The Victory Highway and Transcontinental Airway System

 
 
The Victory Highway and Transcontinental Airway System Marker image. Click for full size.
Photographed By Barry Swackhamer, August 26, 2019
1. The Victory Highway and Transcontinental Airway System Marker
Captions: (left to right) Victory Highway Winnemucca, NV, ca. 1925; Overland Trail Garage, Winnemucca, NV, ca. 1925; Interior of Ed Smith's Garage, Winnemucca, NV, ca. 1936; Buckingham Station, Winnemucca, NV, ca. 1922; Polkinghorn Springs Beacon taken in 2009 by Dale Taliaferro; Concrete arrow near Lovelock, NV pointing to the next airway beacon, ca. 1928-1936.
Inscription.  The growth of the American auto industry in the early 20th century transformed America. Americans embraced their new freedom to explore, leading to a demand for transcontinental auto routes. In 1921, the Federal Highway Act was passed and the Victory Highway was established between New York City and San Francisco in honor of World War I veterans. Rather than being a single road, the Victory Highway was a transcontinental route that incorporated many existing roadways. In northern Nevada, this route included sections of the California Trail and abandoned sections of the Central Pacific Railroad. It was designated US 40 in 1927. This route also became a major artery for freight. Motels, campgrounds, restaurants and service stations sprouted up along the route in places like Winnemucca to provide services for travelers.
In 1956, I-80 was authorized as part of the interstate highway system with the final segment opening in 1986. I-80 paralleled much of US 40 and incorporated portions of it. Although I-80 by-passed towns, affecting commerce in places such as Lovelock, Winnemucca faired better than most because it is conveniently located as
In 1923, Congress funded a lighted airway along the transcontinental airmail route from New York to San Francisco. Lighted airway beacons provided navigational aids for nighttime flights. This reduced the time for coast-to-coast delivery of mail by two days because it was no longer necessary to transfer mail to trains for nighttime transport. Beacons were spaced 10 miles apart with closer spacing in flatter areas. Concrete arrows were used as beacon foundations - these pointed to the next beacon. Although beacons were abandoned due to changes in technology, some arrow-shaped foundations and a few standing beacons still exist.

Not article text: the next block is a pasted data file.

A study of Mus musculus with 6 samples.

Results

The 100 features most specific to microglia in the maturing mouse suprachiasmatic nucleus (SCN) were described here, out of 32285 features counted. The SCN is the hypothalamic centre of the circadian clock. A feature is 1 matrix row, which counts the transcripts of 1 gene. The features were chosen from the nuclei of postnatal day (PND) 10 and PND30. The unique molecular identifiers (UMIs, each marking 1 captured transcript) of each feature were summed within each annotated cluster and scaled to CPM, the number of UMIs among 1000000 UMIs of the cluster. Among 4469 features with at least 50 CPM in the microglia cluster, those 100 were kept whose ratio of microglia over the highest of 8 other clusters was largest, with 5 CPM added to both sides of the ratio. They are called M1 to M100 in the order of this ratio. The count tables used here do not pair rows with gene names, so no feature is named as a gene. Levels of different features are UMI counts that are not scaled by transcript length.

Erected by Humboldt Museum, Bureau of Land Management.
 
Topics. This historical marker is listed in these topic lists: Air & SpaceRoads & Vehicles.
 
Location. 40° 58.618′ N, 117° 44.663′ W. Marker is in Winnemucca, Nevada, in Humboldt County. Marker is on Museum Avenue near Maple Avenue, on the left when traveling west. Touch for map. Marker is at or near this postal address: 175 Museum Avenue, Winnemucca NV 89445, United States of America. Touch for directions.
 
Other nearby markers. At least 8 other markers are within walking distance of this marker. Railroads and Telegraphs (here, next to this marker); Explorers and Mountain Men (here, next to this marker); The California Trail
The Victory Highway and Transcontinental Airway System Marker image. Click for full size.
Photographed By Barry Swackhamer, August 26, 2019
2. The Victory Highway and Transcontinental Airway System Marker
(here, next to this marker); Winnemucca and the Humboldt River Corridor (here, next to this marker); The Humboldt River (here, next to this marker); Pioneer Memorial Park (approx. 0.2 miles away); Winneva Building (approx. 0.4 miles away); California Trail - Trading Post (approx. half a mile away). Touch for a list and map of all markers in Winnemucca.
 
More about this marker. This marker is located at the overlook at the Humboldt Museum.
 
 
Credits. This page was last revised on October 22, 2019. It was originally submitted on October 22, 2019, by Barry Swackhamer of Brentwood, California. This page has been viewed 187 times since then and 11 times this year. Photos:   1, 2. submitted on October 22, 2019, by Barry Swackhamer of Brentwood, California.